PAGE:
The end of the year approaches, winter’s grip tightens. How about a festive treat, reflecting on the lovely days of summer when pollinators were around? At Forvie National Nature Reserve the team installed a pollinator trail and it proved a big hit, especially in the August sunshine when Dave Pickett penned this blog.
Pollinators need our help. And we need them. They are the bunch of insects mostly bees, hoverflies and some flies, that help with the pollination of flowers. There is real pleasure in seeing pollinators work away on flower heads and listening to their sounds. But they are more than something nice to look at, they play a vital role in our food and farming industries.
But wild pollinators are in trouble. They suffer from fragmentation of habitat, changes in the way land is used, diseases, use of pesticides and also climate change.
However, we can help them. At Forvie we have a meadow managed specifically to provide food for pollinators. It has developed over a number of years and now is managed to best suit the wildflowers – by cutting late in the year and then raking and removing the cuttings. This allows the flowers to be there for the insects to use and then set their seed before the plants are cut. By removing the cuttings we stop the bigger, tougher, ranker plant species taking over.
And now we have a trail set up at the visitor centre, with information boards around the meadow explaining more about pollinators and what everyone can do to help. It is worth lingering around the trail as there is a real buzz (ha ha – see what I did?) about the place – bumblebees, hoverflies and a host of others working the sea of flowers. As well as pollinators there are a mass of butterflies using the flower heads as well. You will see that the plantings actually go all round the car park too, and when you arrive it gives you a genuine ‘nature reserve sense of arrival’. So though Forvie is a huge site you don’t actually have to go very far to get up close to nature.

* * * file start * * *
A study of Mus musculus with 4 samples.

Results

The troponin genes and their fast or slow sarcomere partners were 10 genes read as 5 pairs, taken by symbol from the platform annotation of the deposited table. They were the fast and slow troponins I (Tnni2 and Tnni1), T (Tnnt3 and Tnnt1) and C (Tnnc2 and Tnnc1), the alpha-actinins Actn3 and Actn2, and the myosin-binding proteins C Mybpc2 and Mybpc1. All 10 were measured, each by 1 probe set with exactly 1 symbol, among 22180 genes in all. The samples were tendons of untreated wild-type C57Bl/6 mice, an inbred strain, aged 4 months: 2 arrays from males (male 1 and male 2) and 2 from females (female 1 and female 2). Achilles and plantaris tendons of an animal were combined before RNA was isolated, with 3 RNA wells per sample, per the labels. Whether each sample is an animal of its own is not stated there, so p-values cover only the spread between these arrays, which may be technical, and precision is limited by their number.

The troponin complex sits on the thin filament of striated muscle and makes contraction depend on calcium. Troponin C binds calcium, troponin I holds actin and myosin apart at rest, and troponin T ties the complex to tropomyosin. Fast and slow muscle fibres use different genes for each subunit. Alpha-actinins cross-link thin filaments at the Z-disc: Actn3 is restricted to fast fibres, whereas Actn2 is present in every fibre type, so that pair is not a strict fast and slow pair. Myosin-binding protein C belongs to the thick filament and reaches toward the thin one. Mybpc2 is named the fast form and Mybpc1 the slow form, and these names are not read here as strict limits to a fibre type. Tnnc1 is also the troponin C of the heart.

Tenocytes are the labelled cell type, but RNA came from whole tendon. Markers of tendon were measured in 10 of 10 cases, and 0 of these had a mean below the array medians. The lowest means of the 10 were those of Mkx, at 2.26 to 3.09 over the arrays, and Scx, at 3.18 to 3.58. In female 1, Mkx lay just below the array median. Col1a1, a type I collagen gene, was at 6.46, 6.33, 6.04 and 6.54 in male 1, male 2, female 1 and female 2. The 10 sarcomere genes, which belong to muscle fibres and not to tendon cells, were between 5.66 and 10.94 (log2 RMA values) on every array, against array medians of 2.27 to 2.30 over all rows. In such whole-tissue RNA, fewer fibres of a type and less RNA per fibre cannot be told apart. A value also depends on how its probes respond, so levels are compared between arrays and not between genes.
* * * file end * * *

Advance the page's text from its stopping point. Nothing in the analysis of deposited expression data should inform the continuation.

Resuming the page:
There is loads more information on pollinators, and what you can do to help, here on the SNH website. Why not have a look and see what you can do?
Enjoy that? Well, the eagle-eyed amongst you will know that Dave was working on a six-month secondment at Forvie and is more often associated with Flanders Moss National Nature Reserve … where he has also installed a pollinator trail. So as an extra treat, here’s a reminder of Dave’s reflection on the pollinator trail near Stirling back in the height of summer:
A welcome meadow for pollinators and people
The wildflower meadow at the Flanders Moss car park has been looking good this summer. Or at least until the fierce sun and lack of rain caused it to brown off a bit.
The meadow has been developed over the last three years, following the landscaping of the car park, and it acts as an attractive welcome to the reserve — but there is much more to it than just that.
Firstly, the mix of wildflowers is the same as would have been found historically on the hay meadows all around Flanders. A century ago there would have been hundreds of flower filled meadows but through agricultural intensification the flowers have been lost from them.
This loss of habitat, and other factors like pesticide use and climate change, have reduced populations of pollinators such as like bees and hoverflies, and these are important insects having crucial roles in farming and food industries. So every chance to restore a small area of habitat for these attractive insects should be taken.
This summer has seen good numbers of honey bees, bumblebees, hoverflies and butterflies using the various wildflowers that are starting to appear.
And most exciting of all was the appearance of the rare day flying moth, the beautiful Argent & Sable, making use of the buttercups, and providing a real seal of approval for all of the work put in by volunteers and staff alike.
The meadow at Flanders has been developed through planting a mixture of wildflower plugs but also through collecting seed from wildflower species such as knapweed, meadow vetchling, and yellow rattle, from sites nearby. In line with the traditional way of management the meadow will be cut in the autumn to remove the vegetation layer and open up gaps for seeds to germinate.
Below are some images of the pollinators helping themselves.